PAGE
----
After queueing for hours in the rain, elbowing through fashion hungry hordes, dodging enthusiastic security guards, peering around silly over-sized hats with lady bits painted on them (really) we bring you our highlights of the womenswear shows at LFW
London Fashion Week opened the doors to its 26th year on a melancholy note, with a minute's silence to commemorate Lee Alexander McQueen, the much loved designer. This was probably the only calm moment in the event, which included over 100 designers taking part in catwalk shows, presentations and static exhibitions, held in various locations within, as well as dotted around Somerset House. It was a frantic race against time to see as much as possible. However, this year also saw LFW produce the world's first digital schedule, created by The British Fashion Council, with designers live streaming their catwalk shows. In the future of fashion will everyone have a front row seat at each show in the comfort of their own homes?
The London Fashion Week collections appeared to fall into one of two camps; the sombre, hard edged and dustily romantic or the bright and vibrant.
First on the dark side was Paul Costelloe, who opened the week with a collection that was full of Victorian Gothic undertones. A Victorian aristocrat gone bad, stalking down the runway in dark leather, lace and velvet, with hints of rose, gold and silver brocade shimmering. Bell-shaped skirts were a short updated version of the Victorian shape, this theme continued with leg o'mutton sleeves, and corset style tops. Military trench coats and skin tight leather arm guards and leg warmers gave a modern hard-edged contrast.
Continuing this mean and moody theme, NewGen-sponsored Italian born and London based designer Maria Francesca Pepe's collection was a definite standout. Her presentation Into The Woods held inside Somerset House, conjured up an enticing nightmarish fable, of werewolves and warrior maidens deep in the forest. The otherworldly models lounged against the silhouettes of bare black trees, and whether they were the prey, predator or something between, we weren't sure. Again contrasts were abundant in the collection; light feminine fabric was patterned with claw marks, leather waders and heavy gold chains were paired with sheer trousers, and floor-skimming hemlines were offset by plunging v-necks. The palette of black and dark purple mixed with white and cream served was an emphasis to this. The mix of fabrics, velvet, fur, wool and silk was subtle but very effective. Jewellery has always been a large part of Maria Francesca Pepe's work, and this season crosses in a variety of sizes featured heavily, on rings, around the neck and on slightly kinky looking dog collars. Wolf teeth buckles also appeared in the collection. These talismanic embellishments are possibly part protection against the wolf, and part symbol of life, death and rebirth.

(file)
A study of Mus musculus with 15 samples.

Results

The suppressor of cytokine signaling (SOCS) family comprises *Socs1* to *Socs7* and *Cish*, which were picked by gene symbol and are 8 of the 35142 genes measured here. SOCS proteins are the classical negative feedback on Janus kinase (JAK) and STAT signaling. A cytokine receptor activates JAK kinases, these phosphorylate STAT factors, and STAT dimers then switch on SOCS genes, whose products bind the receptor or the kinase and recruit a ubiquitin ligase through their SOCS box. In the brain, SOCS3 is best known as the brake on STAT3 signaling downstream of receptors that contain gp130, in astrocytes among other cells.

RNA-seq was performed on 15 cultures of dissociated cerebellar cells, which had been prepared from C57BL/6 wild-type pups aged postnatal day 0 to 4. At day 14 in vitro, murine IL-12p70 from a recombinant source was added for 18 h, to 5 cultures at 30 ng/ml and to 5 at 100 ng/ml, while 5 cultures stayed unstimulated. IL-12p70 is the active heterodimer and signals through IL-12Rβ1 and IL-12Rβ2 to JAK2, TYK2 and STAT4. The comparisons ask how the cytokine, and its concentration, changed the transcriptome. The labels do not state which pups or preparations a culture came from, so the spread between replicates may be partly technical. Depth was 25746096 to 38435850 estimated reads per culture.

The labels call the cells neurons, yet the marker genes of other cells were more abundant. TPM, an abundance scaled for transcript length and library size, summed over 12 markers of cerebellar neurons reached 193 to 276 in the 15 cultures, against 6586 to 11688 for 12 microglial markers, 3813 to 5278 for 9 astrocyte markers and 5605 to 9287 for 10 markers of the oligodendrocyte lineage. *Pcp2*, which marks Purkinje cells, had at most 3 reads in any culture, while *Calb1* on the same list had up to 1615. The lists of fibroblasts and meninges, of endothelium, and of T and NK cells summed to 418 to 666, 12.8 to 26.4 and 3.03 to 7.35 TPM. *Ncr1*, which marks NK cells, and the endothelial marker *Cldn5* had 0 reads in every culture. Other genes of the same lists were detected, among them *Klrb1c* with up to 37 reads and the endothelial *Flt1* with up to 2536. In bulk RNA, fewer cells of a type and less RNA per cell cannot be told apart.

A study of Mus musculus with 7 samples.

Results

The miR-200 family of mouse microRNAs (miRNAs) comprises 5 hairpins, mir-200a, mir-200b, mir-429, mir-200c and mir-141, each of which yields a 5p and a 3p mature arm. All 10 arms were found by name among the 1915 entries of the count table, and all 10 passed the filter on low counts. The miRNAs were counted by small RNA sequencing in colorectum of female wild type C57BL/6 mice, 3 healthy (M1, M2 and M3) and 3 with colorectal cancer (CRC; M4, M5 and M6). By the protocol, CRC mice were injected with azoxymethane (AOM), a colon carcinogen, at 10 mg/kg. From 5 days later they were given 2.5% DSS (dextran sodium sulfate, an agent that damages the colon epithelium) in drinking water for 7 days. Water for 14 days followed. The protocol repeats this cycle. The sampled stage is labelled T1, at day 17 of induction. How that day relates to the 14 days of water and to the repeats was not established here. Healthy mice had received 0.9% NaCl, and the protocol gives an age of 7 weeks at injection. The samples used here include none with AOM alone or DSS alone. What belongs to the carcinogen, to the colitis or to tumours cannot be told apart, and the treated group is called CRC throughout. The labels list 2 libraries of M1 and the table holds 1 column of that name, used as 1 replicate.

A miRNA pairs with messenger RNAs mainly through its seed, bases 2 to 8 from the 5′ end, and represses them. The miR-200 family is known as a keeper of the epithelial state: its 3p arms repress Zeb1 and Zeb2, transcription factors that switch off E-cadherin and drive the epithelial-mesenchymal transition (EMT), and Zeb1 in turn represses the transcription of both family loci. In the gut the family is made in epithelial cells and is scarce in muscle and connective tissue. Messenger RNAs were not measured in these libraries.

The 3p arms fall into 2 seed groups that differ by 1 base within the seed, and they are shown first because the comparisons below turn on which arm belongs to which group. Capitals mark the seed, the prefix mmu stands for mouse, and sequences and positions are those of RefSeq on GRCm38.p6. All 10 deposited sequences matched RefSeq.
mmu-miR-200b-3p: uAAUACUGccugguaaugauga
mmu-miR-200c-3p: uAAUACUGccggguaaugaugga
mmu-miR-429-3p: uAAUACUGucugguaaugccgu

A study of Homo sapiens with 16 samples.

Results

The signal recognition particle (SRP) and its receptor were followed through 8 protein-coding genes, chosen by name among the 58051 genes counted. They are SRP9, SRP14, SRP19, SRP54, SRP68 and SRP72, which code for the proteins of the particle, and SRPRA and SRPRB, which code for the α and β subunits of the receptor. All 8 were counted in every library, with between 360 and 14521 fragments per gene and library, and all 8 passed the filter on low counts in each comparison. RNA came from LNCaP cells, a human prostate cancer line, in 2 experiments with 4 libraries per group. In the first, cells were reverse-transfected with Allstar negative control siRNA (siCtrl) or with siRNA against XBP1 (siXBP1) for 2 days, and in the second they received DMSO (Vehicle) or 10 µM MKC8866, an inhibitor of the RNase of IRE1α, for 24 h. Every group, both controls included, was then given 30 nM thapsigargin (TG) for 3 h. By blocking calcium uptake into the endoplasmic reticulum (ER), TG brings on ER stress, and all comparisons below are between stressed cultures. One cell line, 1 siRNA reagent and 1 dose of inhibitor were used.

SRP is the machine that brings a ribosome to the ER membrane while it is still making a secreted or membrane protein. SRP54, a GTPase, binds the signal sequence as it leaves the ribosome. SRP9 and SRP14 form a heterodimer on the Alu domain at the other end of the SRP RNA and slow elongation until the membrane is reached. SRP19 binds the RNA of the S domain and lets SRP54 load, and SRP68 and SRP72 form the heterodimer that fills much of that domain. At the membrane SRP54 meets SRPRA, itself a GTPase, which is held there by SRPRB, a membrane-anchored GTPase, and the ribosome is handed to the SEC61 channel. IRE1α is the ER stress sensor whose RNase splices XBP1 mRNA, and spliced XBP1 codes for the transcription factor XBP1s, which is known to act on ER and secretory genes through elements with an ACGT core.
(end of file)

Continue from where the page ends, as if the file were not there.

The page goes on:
Another favourite was Central Saint Martin's graduate Bora Aksu, who describes his collection as 'Marie Antoinette meets Edward Scissorhands'. Slight tulip-shaped bodycon dresses nipped tight at the waist appeared in pastel shades of peach, lilac, and blue, with spiderweb-like harnesses in metallic thread and chiffon ruffles overlaid, giving a beautifully enchanted but sinister feel. Shredded black leggings worn underneath were the final fairytale touch.
Another collection straight out of a storybook was Topshop Unique. Models sported garments of rough sheepskin, thick knit and textured leather with animal headgear; antlers, fox and badger heads, the most disturbing aspect however were the monobrows. Mixing fabrics and textures are a must, but which way should we go? Clashing colour crazy, or soft goth? We say get out of the cities and head into the woods...
Illustration by the lovely Francesca Waddell-www.